Writing a journal is not the only way to keep a running record of your life. Journals are awesome some people swear by them, but they can be time-consuming to maintain. Here are four ways to log your life without interrupting their flow, so that you can later recall what happened when. You'd be surprised. One thing that's cool about all of these tools is that your data doesn't stay on your device, so it doesn't die or get stolen with your device, either.
I’m a big fan of Evernote Food. I’ve used it as a general-purpose food log for a long time, but you don’t have to: You can just snap photos of meals that mean something to you.
Evernote Food lets you snap several photos per meal, add tags, and specify the cuisine and the venue. But even if you don’t do any tagging or writing, you still get a great record. The screenshot above shows an actual meal (well, more like a crazy market binge) I had in Toronto’s excellent Chinatown back in October 2012. Images of the awesome pastries are saved along with a timestamp and a GPS location record. Just looking at this instantly reminds me of the flavours, smells, and atmosphere of that day – and all I had to write was just a short title.
This is either creepy or useful, depending on your outlook: Chances are your phone is tracking your every move, and sending all of that information to Google. Okay, it’s probably both creepy and useful – some Google services, such as Google Now, need this information to work. But you can also use it yourself.
The Web-based Location History browser is basically Google Maps with a calendar next to it, and a bunch of dots and red lines on the map showing your every move over time. You can go back to previous months and browse all of your data, to see where you went, and when. You can also export a given day to a KML file, which you can then use to create your own virtual tour in Google Earth.
This is a handy way to automatically document a road trip, for example (though it’s not the only road trip tool we recommend). You can also use it just to get a feel for your day-to-day and recall where exactly you were Thursday before last.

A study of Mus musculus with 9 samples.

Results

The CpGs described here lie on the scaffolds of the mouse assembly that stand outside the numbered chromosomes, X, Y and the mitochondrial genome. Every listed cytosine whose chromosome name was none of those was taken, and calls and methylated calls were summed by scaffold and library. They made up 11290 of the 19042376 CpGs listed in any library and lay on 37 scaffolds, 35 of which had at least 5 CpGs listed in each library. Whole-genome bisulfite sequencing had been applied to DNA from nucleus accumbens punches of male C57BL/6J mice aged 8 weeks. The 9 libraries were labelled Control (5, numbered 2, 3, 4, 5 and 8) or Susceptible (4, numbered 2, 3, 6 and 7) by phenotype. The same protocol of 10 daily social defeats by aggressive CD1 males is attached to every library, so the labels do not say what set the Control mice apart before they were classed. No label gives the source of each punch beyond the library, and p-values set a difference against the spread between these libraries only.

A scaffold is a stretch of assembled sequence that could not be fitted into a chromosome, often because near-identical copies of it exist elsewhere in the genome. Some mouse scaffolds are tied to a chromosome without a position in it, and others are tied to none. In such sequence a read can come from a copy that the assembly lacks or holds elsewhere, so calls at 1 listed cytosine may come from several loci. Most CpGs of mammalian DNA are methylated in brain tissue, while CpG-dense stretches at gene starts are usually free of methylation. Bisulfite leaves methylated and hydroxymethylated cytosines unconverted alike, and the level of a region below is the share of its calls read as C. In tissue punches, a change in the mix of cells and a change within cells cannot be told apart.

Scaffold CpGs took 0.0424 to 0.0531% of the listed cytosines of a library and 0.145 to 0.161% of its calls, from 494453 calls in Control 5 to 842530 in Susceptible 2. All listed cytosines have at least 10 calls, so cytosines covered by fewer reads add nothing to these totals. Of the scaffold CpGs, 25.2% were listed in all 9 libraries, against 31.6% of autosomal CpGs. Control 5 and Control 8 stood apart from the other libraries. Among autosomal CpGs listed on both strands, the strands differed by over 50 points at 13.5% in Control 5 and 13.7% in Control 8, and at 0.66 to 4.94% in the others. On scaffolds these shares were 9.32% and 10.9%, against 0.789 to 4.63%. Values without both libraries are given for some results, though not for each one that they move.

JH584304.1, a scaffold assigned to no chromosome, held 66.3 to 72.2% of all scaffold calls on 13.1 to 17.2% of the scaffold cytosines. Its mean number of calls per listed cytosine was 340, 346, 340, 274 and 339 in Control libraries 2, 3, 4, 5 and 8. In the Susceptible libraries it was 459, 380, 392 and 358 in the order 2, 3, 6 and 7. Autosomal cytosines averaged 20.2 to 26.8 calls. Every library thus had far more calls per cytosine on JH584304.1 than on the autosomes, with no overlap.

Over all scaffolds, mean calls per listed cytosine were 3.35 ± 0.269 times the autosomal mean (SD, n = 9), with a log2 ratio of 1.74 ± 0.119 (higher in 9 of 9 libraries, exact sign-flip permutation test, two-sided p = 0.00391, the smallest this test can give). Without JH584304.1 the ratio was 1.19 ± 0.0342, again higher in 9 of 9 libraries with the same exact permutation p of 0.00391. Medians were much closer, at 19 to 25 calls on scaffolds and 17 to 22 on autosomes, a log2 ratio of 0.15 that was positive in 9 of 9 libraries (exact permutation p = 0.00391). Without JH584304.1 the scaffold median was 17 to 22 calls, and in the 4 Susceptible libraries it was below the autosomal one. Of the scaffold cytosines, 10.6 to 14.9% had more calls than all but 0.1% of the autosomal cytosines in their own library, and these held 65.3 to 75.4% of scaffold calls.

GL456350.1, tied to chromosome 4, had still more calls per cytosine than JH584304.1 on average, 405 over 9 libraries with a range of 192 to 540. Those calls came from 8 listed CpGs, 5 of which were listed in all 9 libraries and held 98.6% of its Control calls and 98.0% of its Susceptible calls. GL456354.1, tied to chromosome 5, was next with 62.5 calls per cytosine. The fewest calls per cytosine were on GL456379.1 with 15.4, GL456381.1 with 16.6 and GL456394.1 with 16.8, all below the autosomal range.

Days Since is a free app that’s pretty open-ended: You use it to log the time that passed since something happened. You can use it for routine tasks (change the sheets, get a new toothbrush), but I prefer to use Regularly for those things. What makes Days Since interesting for this post is how it saves your data: Google Calendar.
Instead of having its own closed database that will be lost as soon as you lose your phone or uninstall the app, Days Since opts for a much saner option. Saving this information on Google Calendar means it will probably be available for years to come – and just as important, it allows you to use Days Since on multiple devices and enjoy seamless synchronisation.
Think of it like timestamps for your life – quick one-liners that show when something of note happened. You can later expand on them if you want.
I first told you about Automatic Call Recorder when I explained how to automatically record calls on Android and never run out of space, and I’ve been using it since.
The result surprised me: What started out as a practical means to record calls with service providers turned into a trove of personal calls that are close to my heart. Listening to conversations you’ve had with loved ones is a powerful experience – even if at the time, the call seemed utterly mundane. It’s a living memory – you hear exactly what the person said, not what you think they said. You can hear the emotion in their voice, too. Of course, be sure to consult those close to you and let them know you are doing this!
Because Automatic Call Recorder syncs all records to Dropbox, you can then move the audio files out of Dropbox and into more permanent storage, and save them for years to come. The filenames contain the contact name and number, which means you don’t need a separate database to find the calls you want.